Many digital cameras provide the option for you to shoot in raw, this enables you to open your images in Photoshop and edit them in 16-bit mode rather than the 8-bit mode you get with standard JPEG images.
There are times when you mat want to shoot in JPEG and the reasons may be to reduce file size or increase workflow speed. However, some photographers don’t understand the benefits of being able to edit their images in 16-bit and in order to do this you need to shoot in raw.
A Rough Guide To 8 Bit
Every color in a digital image is made up of some combination of the three primary colors of light – red, green and blue:
It doesn’t matter what color you’re looking at on your screen. It’s being made up of some combination of those three colors.
By using multiple shades of red, green and blue! The more shades of each color you have to work with and mix together, the more colors you can create.
An 8-bit image has 256 shades of red, 256 shades of green, and 256 shades of blue, giving you the millions of possible colors you usually see in a digital photo:
Where does the number 256 come from? Well, 1-bit equals 2. When you move beyond 1-bit, you find its value using the expression “2 to the exponent (however many bits there are)”. So, for example, to find the value of 2-bits, you would calculate “2 to the exponent 2”, or “2 x 2”, which equals 4. So 2-bits equals 4.
Don’t worry if you found that confusing, or even worse, boring. It all has to do with how computers work. Just remember that when you save an image as a JPEG, you’re saving it as an 8-bit image, which gives you 256 shades each of red, green, and blue, for a total of 16.8 million possible colors.
If you had two identical photos open on your screen in Photoshop, the only difference being that one version was in 16-bit mode with its trillions of possible colors and the other was in 8-bit mode with its 16.8 million possible colors, you might think that the 16-bit version would look better, since it’s capable of displaying far more colors than the 8-bit version. But the simple fact is, most photos don’t need 16.8 million colors, let alone trillions of colors, to accurately reproduce their contents. They usually contain several hundred thousand colors at best, although some may reach into the low millions depending on their subject (and depending on the size of the photo as well, since you would need millions of pixels in order to see millions of different colors).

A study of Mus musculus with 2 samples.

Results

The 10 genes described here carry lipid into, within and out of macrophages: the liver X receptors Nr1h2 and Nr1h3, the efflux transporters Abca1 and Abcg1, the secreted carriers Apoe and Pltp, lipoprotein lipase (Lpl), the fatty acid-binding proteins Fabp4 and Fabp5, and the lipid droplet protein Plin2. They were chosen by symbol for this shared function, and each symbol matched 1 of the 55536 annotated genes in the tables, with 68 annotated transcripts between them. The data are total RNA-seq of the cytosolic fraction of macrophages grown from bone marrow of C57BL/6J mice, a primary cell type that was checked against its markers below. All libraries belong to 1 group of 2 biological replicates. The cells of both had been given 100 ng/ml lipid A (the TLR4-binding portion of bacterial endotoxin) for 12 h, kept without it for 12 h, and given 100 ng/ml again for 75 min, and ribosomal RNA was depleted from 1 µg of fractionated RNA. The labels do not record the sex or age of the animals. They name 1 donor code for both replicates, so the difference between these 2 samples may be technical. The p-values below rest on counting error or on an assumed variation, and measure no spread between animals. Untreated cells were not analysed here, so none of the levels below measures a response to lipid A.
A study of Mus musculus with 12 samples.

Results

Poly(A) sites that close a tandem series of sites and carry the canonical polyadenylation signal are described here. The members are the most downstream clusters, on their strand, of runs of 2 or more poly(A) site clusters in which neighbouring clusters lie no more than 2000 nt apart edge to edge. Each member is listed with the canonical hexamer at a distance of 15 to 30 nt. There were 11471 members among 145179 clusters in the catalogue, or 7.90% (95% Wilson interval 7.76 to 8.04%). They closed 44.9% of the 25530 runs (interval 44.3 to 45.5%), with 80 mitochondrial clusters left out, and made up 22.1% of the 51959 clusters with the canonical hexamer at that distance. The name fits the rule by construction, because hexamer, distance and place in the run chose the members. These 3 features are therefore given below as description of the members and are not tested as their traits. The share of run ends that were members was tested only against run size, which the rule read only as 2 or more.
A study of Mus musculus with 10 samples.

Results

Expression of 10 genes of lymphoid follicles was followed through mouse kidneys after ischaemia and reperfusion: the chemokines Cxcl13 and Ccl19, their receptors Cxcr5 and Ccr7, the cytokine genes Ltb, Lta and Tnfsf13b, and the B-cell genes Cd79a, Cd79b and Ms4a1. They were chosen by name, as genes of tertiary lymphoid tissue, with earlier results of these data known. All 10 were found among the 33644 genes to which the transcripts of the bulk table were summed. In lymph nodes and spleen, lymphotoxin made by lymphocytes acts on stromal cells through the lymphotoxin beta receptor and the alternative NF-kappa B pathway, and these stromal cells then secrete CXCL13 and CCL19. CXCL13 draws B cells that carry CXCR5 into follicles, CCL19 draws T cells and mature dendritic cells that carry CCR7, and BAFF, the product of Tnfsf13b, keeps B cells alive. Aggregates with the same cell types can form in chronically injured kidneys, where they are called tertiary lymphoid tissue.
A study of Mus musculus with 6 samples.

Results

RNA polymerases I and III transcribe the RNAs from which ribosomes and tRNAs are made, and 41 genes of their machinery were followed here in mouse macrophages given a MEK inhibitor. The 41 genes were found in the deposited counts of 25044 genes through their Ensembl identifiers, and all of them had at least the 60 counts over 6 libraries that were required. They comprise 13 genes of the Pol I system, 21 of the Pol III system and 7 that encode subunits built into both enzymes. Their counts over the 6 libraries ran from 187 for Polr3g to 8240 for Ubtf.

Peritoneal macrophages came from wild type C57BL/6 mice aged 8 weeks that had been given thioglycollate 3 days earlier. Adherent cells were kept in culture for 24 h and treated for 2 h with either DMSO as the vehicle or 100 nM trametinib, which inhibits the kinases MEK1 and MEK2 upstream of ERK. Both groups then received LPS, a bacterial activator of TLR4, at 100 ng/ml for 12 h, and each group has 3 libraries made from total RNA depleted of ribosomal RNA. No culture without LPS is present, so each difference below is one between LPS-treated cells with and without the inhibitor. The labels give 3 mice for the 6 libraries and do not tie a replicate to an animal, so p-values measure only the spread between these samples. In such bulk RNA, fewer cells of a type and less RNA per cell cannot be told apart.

Did you know that when an 8-bit version and a 16-bit version of an identical image are placed side by side, theywill look identical to us. The main reason for this is due to the fact that the human eye can’t see 16.8 million colors, so you might be wondering why you should bother editing in 16 Bit mode.
So why, then, would it be better to work with a 16-bit image? Simple, flexibility. When you’re editing an image in Photoshop, sooner or later, if you continue making edits, you’re going to run into problems. The most common problem is what’s known as “banding”, where you’ve lost so much detail in the image that Photoshop can no longer display smooth transitions from one color to the next. Instead, you get an ugly stair-stepping effect between colors and tonal values.
So how can you take advantage of 16-bit with your own photos? Simple. Shoot your photos in the raw format instead of JPEG whenever possible (assuming of course that your camera supports raw), then open and edit them in Photoshop as 16-bit images. Keep in mind though that when working with 16-bit images, the file size is much larger than you’d have with an 8-bit image, and if you have an older computer, it could have an impact on how long it takes you to work in Photoshop. Also, although each new version of Photoshop gets better and better with this, not every filter and adjustment is available to us in 16-bit mode, but most of the commonly used ones are. If you find that you do need to switch to 8-bit at some point because your computer is running too slow or the filter you want to use is unavailable, you can switch to 8-bit mode by going up to the Image menu at the top of the screen, choosing Mode, and then choosing 8 Bits/Channel. Try to work in 16-bit mode for as long as possible though before switching to 8-bit mode. Also, make sure you switch to 8-bit mode before printing the image, or even better, save your 16-bit version as a Photoshop .PSD file and then save a separate 8-bit version for printing.